In the immediate aftermath of the terrorist attacks, nobody knew…anything. I was initially told that there was a ground stop until 3 p.m. Eastern. It was the only thing I could laugh about for days.
My flight attendant’s mother had just undergone major surgery a few days before our trip, and she was so upset and hysterical I thought I might have to take her to the hospital. In the hotel lobby, I met a Delta crew that had been forced to land in Oklahoma while en route from Atlanta to Salt Lake City. They quickly caught up with the news on the restaurant TV, and we discussed what we thought this would mean to the industry, our respective airlines, and the country as a whole. Nothing good, we agreed, was on the horizon.
Everyone was hungry for information. We had no idea how long we would have to stay. Our airplane, coming in from Cincinnati, never got off the ground. New security rules were already being written. Phone calls to the chief pilot’s office were frustratingly short of details, but we had more info than the Delta crews in our hotel. That was a first (and a last). Finally, my temper starting to give way, I demanded a date that we could count on going home—no matter what. Wait until Friday, I was told. If you don’t have an airplane by Friday, get home however you can.
I went for a walk later, and the sky was dark blue. I realized that the skies over the United States had not been this quiet since December 16, 1903. There were no contrails, no airplanes in sight, no engines in a local traffic pattern. It was eerie.
Finally, Scheduling called on Thursday night. We were leaving the next morning. I called my wife first, then my crew, and we all went to bed, not sure what to expect the next day.
The airport was chaos. Thousands of passengers had crammed the terminal. The walk through security was taking forever. Nobody, it seemed, knew the rules. Passengers were taking off belts in one line, shoes in another. Crews were ushered to the front, and our bags received more scrutiny than usual. On the faces of the passengers, I saw desperation and dismay combined with gratitude and hope. We all wanted “normal,” but we didn’t know what that was anymore.
At the gate, I told the agent we weren’t leaving until every seat was full. We had a jumpseat rider from another airline, but nobody knew the new protocol, or even if there was one. I called my dispatcher. He had no idea what the rules were. “I’m taking him,” I said. He agreed. We left late, but full.
This was our second shut-down and re-start in a few months, thanks to a strike that had lasted most of the summer. In fact, we were still bringing pilots back to work when the 9/11 attacks happened. But the experience of having to suddenly put all of the pieces back together again gave us a leg up on our competition. We’d been there. People all across the company were extending themselves, doing things that needed to be done, even if it was well outside the scope of their jobs.
Never for me, before or since, was the mayhem on the radio so reassuring as it was when we approached Cincinnati. I knew many of the voices, including the approach controllers. The frequency was rapid fire, clipped. I couldn’t get a word in edgewise, and I was thrilled. When approach finally called me, I acknowledged his command, and said what I think a lot of us were thinking: “It’s good to be home.”
There was just a brief pause. “Welcome back. We’re glad to have you.”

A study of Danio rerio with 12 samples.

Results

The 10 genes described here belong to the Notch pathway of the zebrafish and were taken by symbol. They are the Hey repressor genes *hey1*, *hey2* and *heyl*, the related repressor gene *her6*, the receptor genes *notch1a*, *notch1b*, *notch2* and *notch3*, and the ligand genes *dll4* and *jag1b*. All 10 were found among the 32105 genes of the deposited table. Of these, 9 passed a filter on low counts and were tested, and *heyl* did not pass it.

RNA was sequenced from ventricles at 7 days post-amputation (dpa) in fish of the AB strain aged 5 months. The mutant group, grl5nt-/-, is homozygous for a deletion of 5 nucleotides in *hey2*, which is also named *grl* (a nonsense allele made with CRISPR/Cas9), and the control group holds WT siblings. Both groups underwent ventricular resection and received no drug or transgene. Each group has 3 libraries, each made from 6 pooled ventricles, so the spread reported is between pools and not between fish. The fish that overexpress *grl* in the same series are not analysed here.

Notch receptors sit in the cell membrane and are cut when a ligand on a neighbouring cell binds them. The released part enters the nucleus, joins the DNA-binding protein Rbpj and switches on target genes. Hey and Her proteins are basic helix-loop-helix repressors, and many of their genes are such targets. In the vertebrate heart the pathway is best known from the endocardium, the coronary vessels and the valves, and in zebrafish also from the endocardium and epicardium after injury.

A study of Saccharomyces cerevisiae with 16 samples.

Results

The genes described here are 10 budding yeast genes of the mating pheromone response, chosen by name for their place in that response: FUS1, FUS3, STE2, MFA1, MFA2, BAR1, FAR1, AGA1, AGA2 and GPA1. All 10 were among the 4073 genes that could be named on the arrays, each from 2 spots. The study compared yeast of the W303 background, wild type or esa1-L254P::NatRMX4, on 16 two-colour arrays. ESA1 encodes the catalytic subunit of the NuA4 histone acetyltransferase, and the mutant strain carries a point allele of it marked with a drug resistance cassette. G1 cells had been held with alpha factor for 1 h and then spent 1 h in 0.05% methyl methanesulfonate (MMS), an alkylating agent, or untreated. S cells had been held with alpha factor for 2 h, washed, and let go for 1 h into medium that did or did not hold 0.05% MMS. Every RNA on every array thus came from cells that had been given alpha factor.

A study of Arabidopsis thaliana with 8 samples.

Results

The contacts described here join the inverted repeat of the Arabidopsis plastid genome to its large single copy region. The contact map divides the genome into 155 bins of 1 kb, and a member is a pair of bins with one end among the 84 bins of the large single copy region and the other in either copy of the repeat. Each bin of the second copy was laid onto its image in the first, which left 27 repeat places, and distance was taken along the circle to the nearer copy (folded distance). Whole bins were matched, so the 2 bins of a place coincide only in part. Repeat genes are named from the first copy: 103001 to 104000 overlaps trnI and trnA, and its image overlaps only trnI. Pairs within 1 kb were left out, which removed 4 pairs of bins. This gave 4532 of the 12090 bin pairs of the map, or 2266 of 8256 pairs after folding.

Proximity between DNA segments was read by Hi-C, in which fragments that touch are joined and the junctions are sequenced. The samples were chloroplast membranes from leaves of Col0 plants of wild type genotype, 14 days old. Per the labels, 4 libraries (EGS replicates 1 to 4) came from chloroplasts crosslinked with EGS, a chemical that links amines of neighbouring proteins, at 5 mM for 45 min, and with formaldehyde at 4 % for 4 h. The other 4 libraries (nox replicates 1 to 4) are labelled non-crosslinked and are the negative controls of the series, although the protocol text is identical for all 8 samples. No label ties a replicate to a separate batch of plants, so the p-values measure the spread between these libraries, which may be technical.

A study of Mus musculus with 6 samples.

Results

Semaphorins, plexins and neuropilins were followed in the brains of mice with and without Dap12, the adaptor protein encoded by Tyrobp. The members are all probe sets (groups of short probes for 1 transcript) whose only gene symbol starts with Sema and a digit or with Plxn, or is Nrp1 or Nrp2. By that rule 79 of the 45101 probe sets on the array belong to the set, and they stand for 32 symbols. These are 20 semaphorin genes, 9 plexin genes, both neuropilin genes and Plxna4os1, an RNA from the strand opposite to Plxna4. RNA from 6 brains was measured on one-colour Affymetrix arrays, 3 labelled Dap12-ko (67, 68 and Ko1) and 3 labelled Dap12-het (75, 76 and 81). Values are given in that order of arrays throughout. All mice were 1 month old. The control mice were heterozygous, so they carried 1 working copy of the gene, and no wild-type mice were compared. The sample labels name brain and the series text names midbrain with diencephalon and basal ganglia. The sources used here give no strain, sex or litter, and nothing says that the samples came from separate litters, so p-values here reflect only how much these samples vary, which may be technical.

Then he went on the next flight on the frequency.
Two weeks later I had a layover in New York, and my crew and I went down to lower Manhattan. I’ll never forget the thousands of missing person fliers I saw, or the taste of the dust and the smell of death that was still in the air. Ashes still smoldered. The massive piles of rubble and twisted metal were clear reminders of the enormity of the tragedy. We visited the firehouse that had lost so many when the towers fell. We talked to numerous people who had lost friends and family. It was a sight I’ll never forget.
I’ve gone back to Ground Zero twice since then, first a few years later with my wife. The pits where the buildings had stood were visible, and the basic clean-up was mostly done, but the scar on the city was clearly evident. In 2012, we returned—this time, with our kids. The memorial was open, and the reflecting pools were completed. The Freedom Tower was virtually complete, the equivalent of the United States flipping a glass-and-steel bird to terrorism. I could only hope that my kids will never have such an I know where I was… event in their lives.
In 2001 I made my living flying 50-seat RJs, whose future on September 10 appeared limitless. Oil selling at $140 a barrel changed that, and airlines began moving to bigger airplanes. Avgas at $7 a gallon was not unheard of. Now, oil prices have stabilized and the smaller RJ is clearly near the end of its run (which is a shame; it was a great airplane to fly).
But the fortitude of the American spirit and the grit of which we are made continues to shine through. Aviation survived, bloody nose and all, and is in some respects stronger than ever—and certainly leaner. JetBlue, which had only been in operation a few months at the time, has not only survived, but thrived and now is a major player that helped rewrite the rules of passenger service. Legacy USAir is gone, as are legacy Northwest, Continental, and America West. Closer to home, Cessna and Beechcraft have morphed and changed, and Mooney has fought like a wounded tiger just to stay alive. Cirrus has emerged as a force in the market, as has Garmin.
And all of us have a new appreciation for the determination of a person who says, “Let’s roll.”